122. Street Child by Berlie Doherty

Street Child by Berlie Doherty (Canada) - (USA)
Essential Modern Classics

Pages: 208 pages
Ages: 8+
Finished: July 1, 2010
First Published: 1993 (ESM Edition, 2009)
Publisher: Harper Collins UK
Genre: children, historical fiction
Rating: 4/5

First sentences:

Jim Jarvis. Want to know who that is? It's me! That's my name. Only thing I've got, is my name.

Acquired: Received a review copy from Harper Collins Canada.

Reason for Reading: This book is published under the Essential Modern Classics list. This is a list of books chosen by the publisher's UK house and is a collection of outstanding books for children. From looking at the titles I'd say the age range varies anywhere from 8 to 15. I think the authors chosen present a unique collection for North American readers to discover. I intend to be keeping up-to-date with ESM as well as digging into their backlist.

As part of the Essential Modern Classics series the book starts with an informative paragraph bio. of the author followed by an essay entitled "Why You'll Love This Book" written by a famous author, in this case Julia Golding. Then a quick blurb on just who is Julia Golding. This publisher's series also sometimes end with extra material at the back of the book called "More Than A Story". Here we have some very interesting pertinent information which really adds to the satisfaction of having read the book. First is a generous Author's Note describing the true story behind the characters who really once existed, then a section on sad but true information about Victorian Work Houses, then another section with bulleted information on the history of Barnardo's Homes for Boys and eventually girls. Finally rounding off with a Q&A with the author about the book which is very enjoyable.

This book is based on the true story of an orphan, Jim Jarvis, about seven years old, who Dr. Barnardo credits with giving him the emotional push to start his homes for street boys. Only a basic outline of the real Jim Jarvis's life is known and the author has fleshed that out into a sad hard knocks life that eventually ends on as good a note as could be expected. Jim is orphaned in the work house where he spends a year until he escapes and then he finds a bit of happiness living in a shack on the waterfront helping a girl sell eels and shells, and making friends with other street boys, until her Grandfather finds Jim in his worthless shack and sells him to a coal worker where he is abused and worked like a slave. A few years go by and Jim wonders if he'll ever be free, since the one time he tried to escape has resulted in him being tied to the boat like a dog.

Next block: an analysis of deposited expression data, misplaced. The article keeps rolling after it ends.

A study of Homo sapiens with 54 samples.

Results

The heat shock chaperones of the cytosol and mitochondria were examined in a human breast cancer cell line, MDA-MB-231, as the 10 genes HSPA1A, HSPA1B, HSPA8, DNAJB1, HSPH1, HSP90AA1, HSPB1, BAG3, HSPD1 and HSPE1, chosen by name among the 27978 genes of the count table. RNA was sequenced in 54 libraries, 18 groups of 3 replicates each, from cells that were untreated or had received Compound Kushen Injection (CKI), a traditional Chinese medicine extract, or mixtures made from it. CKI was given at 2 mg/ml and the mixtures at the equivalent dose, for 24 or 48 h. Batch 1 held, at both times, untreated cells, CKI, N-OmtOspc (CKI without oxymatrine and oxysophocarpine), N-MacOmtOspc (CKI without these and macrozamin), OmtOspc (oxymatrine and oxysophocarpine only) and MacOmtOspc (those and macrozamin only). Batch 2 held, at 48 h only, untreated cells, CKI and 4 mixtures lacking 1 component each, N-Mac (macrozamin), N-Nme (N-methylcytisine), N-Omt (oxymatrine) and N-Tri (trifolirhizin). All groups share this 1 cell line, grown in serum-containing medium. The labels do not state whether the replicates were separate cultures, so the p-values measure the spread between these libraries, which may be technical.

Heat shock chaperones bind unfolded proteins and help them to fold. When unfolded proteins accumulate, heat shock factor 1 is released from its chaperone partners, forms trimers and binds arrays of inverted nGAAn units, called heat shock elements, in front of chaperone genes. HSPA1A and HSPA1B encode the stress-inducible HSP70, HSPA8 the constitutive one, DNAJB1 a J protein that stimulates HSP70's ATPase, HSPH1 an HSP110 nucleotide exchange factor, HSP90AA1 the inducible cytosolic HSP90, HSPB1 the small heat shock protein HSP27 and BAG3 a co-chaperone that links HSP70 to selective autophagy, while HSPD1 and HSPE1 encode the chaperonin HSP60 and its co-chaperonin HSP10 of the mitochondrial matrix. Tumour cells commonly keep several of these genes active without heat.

An engaging story with many heart-breaking scenes and some that are poignant and heart warming. Though Barnardo enters the story at the end, this is very much Jim's story. A story of what life was like for a street kid in the Victorian era. The extreme poverty, the looming threat of the work house if the police caught you, the inevitability of having to steal or starve and sleeping on rooftops to keep safe from the law. The book is very much full of hardships but Jim is a determined boy with a will to fight to stay alive and avoid returning to the work house. Though his spirit may have been almost extinguished a few times he always manages to gather heart and keep resilient. This is a dark book, there is death and abuse and a sadness permeating its pages. But the writing and content is age appropriate. Jim's small victories and little bouts of happiness stand out in shining contrast to the world he lives in. The ending is heart-wrenching in a good way and leaves readers with a sense of good will and happiness that may make some kids interested in finding out more about Barnardo and his work.


  1. This sounds like an amazing book! Might be too hard for my daughter who is sensitive but I think it will make a great read for my son.